BY MATTHEW HENGEVELD March 6, 2007. The date isn’t etched on my brain, but suffice it to say that it signified my loss of faith in one of hip-hop’s most talented producers, RJD2. He’s part of the electronic-hip-hop movement that has been defined as everything from Wonky to Chillout to Trip-hop. Whatever the genre, it’s really hard to find fault with the music. His 2007 album Third Hand should have been an album of head-nodders, not head-scratchers, which was the case when RJ abandoned his hip-hop roots and offered up this anemic electro-pop medley. At the same time, he left his cozy home at the Definitive Jux label and settled for a one-off deal with XL Recordings. In all fairness, I eventually forgave RJ, but his departure from Def Jux left the independent label in dire straights, and it went under last year.Now RJ comes crawling back.
Has the Mad Men well gone dry? Or is he just ashamed of the mauve BS that has become his career? No matter, I welcome RJD2 back into the realm of the realness with open arms, and this album is a savory masterpiece when compared to his last two efforts. He still hasn’t re-incorporated the sampling-frenzy of his debut album Deadringer, but he adds some zest with an army of acid synthesizers, fluttering flutes and to-the-point drums. It’s a prog-rock bonanza, and your Styx-obsessed friend from high school is probably all about it. The album is called We Are the Doorways, and RJ has donned a new persona, “the Insane Warrior” — a so-called “inverted version” of himself.
“Thrust and Gain” is a grandiose introduction track that emphasizes dynamics instead of RJ’s innate ability to slice a loop into submission. It reminds me of an Alan Hawkshaw track from an old Bruton vinyl, like the background music to an awesome documentary from the ‘70s. A little over a minute into the second track, “The Water Wheel,” RJD2 unleashes an unrelenting barrage of Hammond B-3 and a thick layer of Korg synth bass — now, this is the RJD2 I missed. You can tell he is having fun with this track, and that’s really what most fans want to hear. It just gets heavier and heavier from there and he really takes that vintage mellotron sound and re-launches it into modernity. “Then You Hear the Footsteps” morphs into an entirely different song mid-way, a shape-shifting technique found throughout the album. “Black Nectar” pairs a high-pitched funkadelic synth squiggle with wubby bass line that takes me back to my childhood days of playing Toejam and Earl: Panic on Funkatron while drooling helplessly on my grandmother’s shag carpet. He maintains the retro prog-rock vibe throughout the album, with the exception of “Saint Ignatius Belsse,” which staggers with light chimes, a waxy Rhodes and light percussion.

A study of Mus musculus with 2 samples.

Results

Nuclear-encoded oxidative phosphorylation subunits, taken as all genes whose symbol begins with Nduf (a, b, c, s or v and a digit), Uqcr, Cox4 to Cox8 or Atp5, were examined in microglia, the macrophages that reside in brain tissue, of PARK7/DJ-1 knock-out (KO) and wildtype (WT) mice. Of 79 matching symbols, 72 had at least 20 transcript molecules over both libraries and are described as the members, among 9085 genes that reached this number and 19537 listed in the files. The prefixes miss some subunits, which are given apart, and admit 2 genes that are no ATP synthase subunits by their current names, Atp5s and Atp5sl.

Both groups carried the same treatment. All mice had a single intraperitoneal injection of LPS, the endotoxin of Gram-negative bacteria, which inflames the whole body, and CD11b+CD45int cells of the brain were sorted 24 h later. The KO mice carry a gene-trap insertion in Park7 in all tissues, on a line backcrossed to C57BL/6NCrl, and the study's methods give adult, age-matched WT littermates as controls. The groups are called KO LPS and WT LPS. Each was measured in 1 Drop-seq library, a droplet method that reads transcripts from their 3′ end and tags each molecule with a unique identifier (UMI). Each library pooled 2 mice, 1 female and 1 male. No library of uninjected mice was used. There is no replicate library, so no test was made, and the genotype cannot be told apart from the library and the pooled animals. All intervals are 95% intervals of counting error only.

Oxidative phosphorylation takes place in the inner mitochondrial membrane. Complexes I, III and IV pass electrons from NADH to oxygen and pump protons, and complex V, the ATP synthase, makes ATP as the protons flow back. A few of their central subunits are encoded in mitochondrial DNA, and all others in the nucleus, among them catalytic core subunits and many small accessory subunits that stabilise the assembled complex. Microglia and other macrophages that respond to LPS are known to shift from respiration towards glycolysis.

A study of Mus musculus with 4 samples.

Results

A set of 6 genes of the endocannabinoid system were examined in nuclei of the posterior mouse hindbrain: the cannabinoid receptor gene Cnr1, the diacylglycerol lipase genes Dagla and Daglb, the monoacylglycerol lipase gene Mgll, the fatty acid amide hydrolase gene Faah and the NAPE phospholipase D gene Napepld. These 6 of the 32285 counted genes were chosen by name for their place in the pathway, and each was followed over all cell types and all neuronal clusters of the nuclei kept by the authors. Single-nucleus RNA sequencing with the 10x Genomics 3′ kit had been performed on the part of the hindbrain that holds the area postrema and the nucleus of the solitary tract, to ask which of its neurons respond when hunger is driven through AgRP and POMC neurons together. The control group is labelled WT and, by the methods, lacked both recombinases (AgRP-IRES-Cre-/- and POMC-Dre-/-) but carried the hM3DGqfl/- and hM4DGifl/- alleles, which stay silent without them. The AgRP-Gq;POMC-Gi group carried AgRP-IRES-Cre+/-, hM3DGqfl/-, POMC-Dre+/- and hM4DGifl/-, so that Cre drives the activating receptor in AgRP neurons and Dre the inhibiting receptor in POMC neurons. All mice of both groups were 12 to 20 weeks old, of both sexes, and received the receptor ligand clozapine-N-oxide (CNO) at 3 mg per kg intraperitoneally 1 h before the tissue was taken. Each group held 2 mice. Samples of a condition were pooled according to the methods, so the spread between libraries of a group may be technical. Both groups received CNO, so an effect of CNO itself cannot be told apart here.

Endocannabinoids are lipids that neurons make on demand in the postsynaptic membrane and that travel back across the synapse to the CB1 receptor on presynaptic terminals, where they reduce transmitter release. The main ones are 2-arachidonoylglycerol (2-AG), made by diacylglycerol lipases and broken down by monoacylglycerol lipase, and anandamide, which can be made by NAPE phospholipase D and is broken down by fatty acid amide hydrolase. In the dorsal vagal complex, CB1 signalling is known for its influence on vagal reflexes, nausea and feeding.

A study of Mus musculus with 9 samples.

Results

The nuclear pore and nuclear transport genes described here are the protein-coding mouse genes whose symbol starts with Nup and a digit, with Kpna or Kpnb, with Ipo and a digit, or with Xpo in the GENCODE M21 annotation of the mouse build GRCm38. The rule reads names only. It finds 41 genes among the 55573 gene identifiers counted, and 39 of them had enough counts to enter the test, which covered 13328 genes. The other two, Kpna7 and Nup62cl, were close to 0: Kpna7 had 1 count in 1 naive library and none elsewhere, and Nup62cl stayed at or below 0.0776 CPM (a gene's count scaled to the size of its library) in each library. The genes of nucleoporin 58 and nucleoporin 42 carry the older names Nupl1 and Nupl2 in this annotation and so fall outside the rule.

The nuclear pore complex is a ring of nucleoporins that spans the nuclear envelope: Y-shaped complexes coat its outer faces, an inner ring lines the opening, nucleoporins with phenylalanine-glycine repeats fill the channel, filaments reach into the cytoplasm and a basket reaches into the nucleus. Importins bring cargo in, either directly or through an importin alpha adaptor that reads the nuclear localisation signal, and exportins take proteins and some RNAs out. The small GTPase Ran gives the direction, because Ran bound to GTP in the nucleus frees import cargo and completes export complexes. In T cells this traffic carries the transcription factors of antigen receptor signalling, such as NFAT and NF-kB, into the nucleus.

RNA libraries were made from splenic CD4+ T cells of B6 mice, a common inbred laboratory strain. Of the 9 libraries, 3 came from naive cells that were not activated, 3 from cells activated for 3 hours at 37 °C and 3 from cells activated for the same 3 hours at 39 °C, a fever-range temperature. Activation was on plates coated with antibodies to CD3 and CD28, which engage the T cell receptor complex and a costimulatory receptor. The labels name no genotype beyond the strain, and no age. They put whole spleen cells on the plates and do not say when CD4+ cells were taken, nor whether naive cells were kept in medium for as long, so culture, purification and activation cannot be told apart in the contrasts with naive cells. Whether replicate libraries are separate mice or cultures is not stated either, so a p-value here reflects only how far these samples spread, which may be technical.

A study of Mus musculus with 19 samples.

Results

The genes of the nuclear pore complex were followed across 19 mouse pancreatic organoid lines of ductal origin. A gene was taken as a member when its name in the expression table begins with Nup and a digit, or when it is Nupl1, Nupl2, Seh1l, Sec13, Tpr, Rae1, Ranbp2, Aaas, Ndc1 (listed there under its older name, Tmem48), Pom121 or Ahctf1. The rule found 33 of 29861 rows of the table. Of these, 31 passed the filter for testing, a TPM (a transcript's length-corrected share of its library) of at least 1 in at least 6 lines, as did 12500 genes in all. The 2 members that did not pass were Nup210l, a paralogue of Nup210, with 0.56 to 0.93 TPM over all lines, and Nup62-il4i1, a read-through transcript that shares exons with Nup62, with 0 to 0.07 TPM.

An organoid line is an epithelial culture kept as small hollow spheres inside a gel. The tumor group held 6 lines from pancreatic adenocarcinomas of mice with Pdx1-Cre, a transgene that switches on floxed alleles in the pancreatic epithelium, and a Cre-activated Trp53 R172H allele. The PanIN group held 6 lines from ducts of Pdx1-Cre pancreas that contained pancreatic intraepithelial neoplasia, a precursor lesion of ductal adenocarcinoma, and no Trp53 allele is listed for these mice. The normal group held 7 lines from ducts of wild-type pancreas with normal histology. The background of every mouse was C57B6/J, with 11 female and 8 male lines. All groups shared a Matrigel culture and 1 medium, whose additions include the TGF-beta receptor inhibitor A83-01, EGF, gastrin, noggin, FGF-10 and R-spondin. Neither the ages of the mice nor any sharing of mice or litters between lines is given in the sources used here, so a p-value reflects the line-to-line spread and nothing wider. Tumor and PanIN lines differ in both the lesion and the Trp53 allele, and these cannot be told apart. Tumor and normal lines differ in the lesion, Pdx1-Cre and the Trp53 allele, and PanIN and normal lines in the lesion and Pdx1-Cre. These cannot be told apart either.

The DJ Shadow-style producers never had much impact hip-hop as a whole and probably never will because they are perceived as pompous and void of authenticity. I don’t think of this as a handicap, but a freedom to redefine the constricting norms of the genre. Similar attempts at experimentation by hip-hop mainstays are usually greeted with indifference if not flat-out resistance, with the exception of pioneers like J Dilla or Madlib — i.e. don’t expect to see tangential dabblings in psychedelia from the likes of DJ Premier, Showbiz or Pete Rock. Unfortunate as it may be, white hip-hop producers/artists are often granted greater leeway when it comes to projects like RJD2’s We Are The Doorways.